English classes are mandatory for a majority of Chinese students, but less than 0.5 percent of English students learn Mandarin Chinese. Marian High School said they wanted to offer the language to set their students up for educational and real-world success.
It has been a learning experience for everyone involved.
“The first like two weeks I think a lot of us in the class were like oh my gosh,” said Marian Junior Mia Mixan.
Linging Guo arrived at Marian High School less than two months ago.
“It is a real learning process to be a high school teacher. This is my very first time teaching high school,” Mandarin Teacher Linging Guo said.
The first-time high school teacher is instructing Marian’s first Mandarin course.
Mandarin Chinese is the fastest-growing language in the world. Marian High School Principal Susie Sullivan says it is a no brainer to add it to her school's curriculum.
"We had several parents who were interested in it and we also knew our Latin teacher was going to retire at some point in time,” Marian High School Principal Susie Sullivan said.
Sullivan said knowing Mandarin can translate into more career and business opportunities. She is happy to see interest from the girls.
“They were very excited, but I think they were surprised by how difficult it is,” Sullivan said.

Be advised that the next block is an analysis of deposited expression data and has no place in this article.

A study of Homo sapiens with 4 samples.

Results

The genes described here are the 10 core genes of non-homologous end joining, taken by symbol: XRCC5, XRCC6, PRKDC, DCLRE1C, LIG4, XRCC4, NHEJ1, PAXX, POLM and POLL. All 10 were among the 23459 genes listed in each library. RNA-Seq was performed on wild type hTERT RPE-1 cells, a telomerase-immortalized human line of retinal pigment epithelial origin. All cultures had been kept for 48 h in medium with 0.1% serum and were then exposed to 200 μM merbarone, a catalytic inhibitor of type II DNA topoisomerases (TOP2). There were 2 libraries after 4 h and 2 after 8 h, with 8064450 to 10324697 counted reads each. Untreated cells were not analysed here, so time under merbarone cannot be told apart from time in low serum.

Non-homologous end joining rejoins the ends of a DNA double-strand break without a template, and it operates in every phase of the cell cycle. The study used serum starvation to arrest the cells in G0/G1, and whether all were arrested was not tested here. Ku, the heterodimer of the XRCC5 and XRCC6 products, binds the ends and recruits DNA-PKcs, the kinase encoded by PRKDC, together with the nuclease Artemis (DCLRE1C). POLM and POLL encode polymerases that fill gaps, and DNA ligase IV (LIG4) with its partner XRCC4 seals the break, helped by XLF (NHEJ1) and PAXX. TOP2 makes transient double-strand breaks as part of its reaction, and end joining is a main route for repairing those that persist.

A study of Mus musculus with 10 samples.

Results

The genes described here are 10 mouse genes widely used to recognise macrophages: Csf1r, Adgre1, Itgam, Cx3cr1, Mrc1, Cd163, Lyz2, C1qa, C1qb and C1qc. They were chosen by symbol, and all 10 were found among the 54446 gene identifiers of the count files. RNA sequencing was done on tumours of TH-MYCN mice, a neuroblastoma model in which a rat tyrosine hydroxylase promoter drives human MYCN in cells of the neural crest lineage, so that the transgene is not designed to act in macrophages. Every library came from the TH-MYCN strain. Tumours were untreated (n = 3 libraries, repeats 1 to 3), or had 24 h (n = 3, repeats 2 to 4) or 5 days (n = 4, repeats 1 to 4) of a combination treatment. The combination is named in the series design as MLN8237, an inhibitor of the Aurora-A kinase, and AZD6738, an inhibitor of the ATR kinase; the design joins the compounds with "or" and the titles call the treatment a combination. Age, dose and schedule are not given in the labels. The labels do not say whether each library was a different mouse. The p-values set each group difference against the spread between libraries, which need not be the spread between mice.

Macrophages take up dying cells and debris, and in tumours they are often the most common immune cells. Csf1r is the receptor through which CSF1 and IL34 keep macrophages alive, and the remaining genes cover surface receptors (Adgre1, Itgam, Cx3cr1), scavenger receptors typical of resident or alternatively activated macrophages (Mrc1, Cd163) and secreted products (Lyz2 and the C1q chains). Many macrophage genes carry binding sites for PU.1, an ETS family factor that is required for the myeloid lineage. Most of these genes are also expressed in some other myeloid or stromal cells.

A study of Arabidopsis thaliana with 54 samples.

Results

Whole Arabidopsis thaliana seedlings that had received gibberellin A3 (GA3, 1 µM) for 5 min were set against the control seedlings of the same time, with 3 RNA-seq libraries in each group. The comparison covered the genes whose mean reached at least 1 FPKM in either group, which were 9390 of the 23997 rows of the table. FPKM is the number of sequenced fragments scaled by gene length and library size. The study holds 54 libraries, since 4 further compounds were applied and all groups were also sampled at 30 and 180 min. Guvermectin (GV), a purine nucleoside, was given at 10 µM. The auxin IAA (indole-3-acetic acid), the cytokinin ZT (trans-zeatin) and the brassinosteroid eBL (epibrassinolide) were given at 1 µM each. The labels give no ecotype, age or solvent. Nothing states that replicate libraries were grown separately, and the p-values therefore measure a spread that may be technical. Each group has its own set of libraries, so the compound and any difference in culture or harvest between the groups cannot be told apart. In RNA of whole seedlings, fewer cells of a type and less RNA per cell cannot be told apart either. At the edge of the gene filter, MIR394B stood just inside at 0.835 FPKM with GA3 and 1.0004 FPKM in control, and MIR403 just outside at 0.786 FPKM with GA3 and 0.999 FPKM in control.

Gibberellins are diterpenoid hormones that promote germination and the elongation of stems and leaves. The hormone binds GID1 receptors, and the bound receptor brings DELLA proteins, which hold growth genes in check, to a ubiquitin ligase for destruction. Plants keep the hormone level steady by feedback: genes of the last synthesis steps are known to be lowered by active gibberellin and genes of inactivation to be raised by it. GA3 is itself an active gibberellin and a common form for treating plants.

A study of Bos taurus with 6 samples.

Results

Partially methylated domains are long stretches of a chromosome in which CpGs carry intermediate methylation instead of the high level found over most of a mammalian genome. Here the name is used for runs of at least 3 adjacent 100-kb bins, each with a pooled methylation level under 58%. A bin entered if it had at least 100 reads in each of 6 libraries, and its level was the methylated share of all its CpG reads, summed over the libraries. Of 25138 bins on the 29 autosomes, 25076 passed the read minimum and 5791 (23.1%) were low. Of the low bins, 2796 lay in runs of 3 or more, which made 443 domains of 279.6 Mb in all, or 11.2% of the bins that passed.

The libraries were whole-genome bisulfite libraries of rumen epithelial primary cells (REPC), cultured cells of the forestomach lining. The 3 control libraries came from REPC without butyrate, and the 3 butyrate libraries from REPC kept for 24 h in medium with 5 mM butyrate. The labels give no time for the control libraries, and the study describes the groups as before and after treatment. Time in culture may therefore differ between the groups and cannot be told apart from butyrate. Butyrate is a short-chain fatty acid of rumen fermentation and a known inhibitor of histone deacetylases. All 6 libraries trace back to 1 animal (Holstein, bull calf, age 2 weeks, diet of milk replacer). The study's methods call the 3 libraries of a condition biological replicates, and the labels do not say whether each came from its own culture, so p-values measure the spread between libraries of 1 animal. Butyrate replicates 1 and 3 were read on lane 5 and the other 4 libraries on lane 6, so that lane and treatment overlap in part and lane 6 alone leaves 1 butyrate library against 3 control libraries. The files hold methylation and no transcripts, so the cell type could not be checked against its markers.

Two students dropped the class after a few weeks because of the difficulty. But, ten girls decided to stick it out, including senior Samantha Fabian who spent four weeks at Ole Miss over the summer in a Chinese immersion program.
“The stuff that we are learning now is just refresher for me, but once we get further down the road I think we it will be a little more challenging, but a little more fun,” said Fabian.
The girls all agree, no matter their skill level, their teacher is going at their pace and they say a little challenge never hurt anyone.
"I think the more languages you know, the more opportunities you get. I don't know anyone who knows Mandarin so I think there are a lot of opportunities available if you take it,” said Mixan.
Principal Susie Sullivan says next year they will offer Mandarin II to help fulfill the girls’ college language requirements.